Discussion in 'Televisions' started by Sqwerly, Sep 19, 2008.

  1. Sqwerly

    Sqwerly Member


    What does this mean for quality? I thought 480p was just like normal TV display mode and you needed 720p to take advantage of HD content.

    I'm planning on hooking up the TV via DVI to my computer and then watching 720p Blu-Ray rips (my own backups of course). Will it look awesome?

    Can anyone lend some advise on if I should buy this TV?

    Thanks a lot
     
  2. Sqwerly

    Sqwerly Member

     
  3. 1bonehead

    1bonehead Guest



    I believe 720p is better than 1080i

    this is an older tv (better get a great price) or not worth it as new 1080p tvs are pretty cheap now adays

    bTW, you are welcome for the advice
     
  4. club42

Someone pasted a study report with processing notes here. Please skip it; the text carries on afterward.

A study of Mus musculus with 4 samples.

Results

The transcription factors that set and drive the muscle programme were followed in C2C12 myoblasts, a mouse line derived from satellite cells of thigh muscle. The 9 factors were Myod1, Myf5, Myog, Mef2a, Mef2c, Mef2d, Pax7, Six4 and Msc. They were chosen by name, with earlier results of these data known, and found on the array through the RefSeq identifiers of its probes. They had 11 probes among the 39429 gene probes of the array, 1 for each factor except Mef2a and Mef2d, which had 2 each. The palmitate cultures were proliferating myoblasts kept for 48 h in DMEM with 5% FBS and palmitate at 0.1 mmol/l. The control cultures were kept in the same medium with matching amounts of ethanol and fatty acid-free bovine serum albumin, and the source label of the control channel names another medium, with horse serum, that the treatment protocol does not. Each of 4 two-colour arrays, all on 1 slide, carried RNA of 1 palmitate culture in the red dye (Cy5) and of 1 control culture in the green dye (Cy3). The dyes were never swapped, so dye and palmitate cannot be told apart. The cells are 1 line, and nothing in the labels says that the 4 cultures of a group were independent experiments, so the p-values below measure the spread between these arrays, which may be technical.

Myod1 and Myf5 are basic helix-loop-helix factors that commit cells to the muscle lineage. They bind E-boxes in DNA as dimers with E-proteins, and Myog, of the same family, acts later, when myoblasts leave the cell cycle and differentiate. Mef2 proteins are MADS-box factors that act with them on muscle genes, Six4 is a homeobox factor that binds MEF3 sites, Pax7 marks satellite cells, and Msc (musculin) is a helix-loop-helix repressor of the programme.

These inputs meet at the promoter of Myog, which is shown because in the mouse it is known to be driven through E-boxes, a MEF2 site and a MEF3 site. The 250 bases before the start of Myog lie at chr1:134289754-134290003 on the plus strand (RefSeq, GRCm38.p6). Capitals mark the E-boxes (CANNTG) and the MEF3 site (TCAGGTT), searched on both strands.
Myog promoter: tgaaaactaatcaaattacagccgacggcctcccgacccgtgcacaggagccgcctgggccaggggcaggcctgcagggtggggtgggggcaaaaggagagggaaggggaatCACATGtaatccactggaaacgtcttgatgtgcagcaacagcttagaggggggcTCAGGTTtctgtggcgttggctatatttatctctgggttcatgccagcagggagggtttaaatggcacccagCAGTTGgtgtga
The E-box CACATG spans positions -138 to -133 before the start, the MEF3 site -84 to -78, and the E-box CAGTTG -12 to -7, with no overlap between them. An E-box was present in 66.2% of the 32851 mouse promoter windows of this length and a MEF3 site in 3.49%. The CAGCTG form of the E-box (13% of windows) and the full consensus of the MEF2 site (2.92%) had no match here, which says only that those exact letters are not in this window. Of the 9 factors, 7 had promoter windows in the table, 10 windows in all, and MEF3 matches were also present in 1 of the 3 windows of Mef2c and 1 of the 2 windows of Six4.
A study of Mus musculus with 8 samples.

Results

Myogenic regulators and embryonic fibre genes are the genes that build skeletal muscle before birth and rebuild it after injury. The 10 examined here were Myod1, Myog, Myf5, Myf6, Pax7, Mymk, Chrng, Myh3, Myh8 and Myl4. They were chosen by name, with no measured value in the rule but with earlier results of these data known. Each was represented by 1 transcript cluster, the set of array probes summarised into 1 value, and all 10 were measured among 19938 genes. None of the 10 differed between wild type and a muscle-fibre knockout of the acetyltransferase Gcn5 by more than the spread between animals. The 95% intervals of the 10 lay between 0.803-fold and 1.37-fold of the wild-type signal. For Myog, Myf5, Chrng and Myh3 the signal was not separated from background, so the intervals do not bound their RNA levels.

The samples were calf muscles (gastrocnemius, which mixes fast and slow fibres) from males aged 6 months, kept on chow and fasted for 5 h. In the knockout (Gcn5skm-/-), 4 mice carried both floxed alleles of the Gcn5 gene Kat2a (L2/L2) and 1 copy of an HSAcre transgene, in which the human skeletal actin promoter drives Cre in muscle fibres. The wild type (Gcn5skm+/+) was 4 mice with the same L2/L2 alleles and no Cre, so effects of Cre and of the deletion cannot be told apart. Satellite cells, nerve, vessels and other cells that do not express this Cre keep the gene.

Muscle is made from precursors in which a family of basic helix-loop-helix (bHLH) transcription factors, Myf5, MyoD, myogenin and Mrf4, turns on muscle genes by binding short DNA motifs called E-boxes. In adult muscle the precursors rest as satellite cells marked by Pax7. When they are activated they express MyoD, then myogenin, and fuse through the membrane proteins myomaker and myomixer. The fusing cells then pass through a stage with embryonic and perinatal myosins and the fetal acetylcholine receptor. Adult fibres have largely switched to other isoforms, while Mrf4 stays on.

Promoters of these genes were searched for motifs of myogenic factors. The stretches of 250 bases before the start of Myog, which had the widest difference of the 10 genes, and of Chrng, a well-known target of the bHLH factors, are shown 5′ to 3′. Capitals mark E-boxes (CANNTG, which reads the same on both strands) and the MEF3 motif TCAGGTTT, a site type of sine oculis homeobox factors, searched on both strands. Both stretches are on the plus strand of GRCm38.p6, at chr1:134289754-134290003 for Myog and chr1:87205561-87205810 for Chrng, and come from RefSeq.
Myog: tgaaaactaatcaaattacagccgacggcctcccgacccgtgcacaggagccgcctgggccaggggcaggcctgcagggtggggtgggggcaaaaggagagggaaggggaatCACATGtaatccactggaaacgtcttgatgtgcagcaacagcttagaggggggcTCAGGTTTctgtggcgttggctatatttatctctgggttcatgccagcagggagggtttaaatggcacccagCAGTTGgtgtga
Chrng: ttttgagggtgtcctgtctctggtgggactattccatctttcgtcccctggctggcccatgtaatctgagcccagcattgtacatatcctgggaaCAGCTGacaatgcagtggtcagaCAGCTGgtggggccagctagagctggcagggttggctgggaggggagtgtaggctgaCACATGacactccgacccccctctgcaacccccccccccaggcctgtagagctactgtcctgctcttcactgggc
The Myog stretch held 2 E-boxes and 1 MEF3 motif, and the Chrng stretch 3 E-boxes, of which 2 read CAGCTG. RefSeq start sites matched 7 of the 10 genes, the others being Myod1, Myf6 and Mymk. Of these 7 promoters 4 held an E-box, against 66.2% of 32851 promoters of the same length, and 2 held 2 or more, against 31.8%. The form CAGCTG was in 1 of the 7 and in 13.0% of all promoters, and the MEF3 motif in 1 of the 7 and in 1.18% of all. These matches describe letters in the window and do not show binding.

club42 Regular member

     
  5. MysticE

    MysticE Active member


    Here in Chicago NBC, ABC, PBS, WGN and FOX all transmit in 720p as does ESPN Sports over cable. Also note that many cable systems in an effort to squeeze more out of aging systems are further compressing HD programming. True original 1080p is very hard to find.
     
  6. 1bonehead

    1bonehead Guest

    No comment from the OP ?
     
  7. Sqwerly

    Sqwerly Member


    I ended up buy this TV with the stand for $275 total. I think I got a pretty sweet deal!:

    http://reviews.cnet.com/projection-tvs/sony-kp-46wt500/4505-6484_7-20688347.html

    It's hooked up to my PC via DVI. It's max resolution seems to be 1920x1080 whereas my PC monitor is 1920X1200. I always have to fiddle with it to get movies and/or games to look right.
     
  8. MysticE

    MysticE Active member

     
  9. Sqwerly

    Sqwerly Member


    Am I missing out on something?
     
  10. david66

    david66 Regular member

     
  11. MysticE

    MysticE Active member

    From the link you furnished:

    Unfortunately, incoming 720p signals are converted to 480p rather than 1080i.

    Which for me with my antenna, would be the deal breaker.... no OTA HD. For cable folks it should be fine, assuming the box offers 1080i.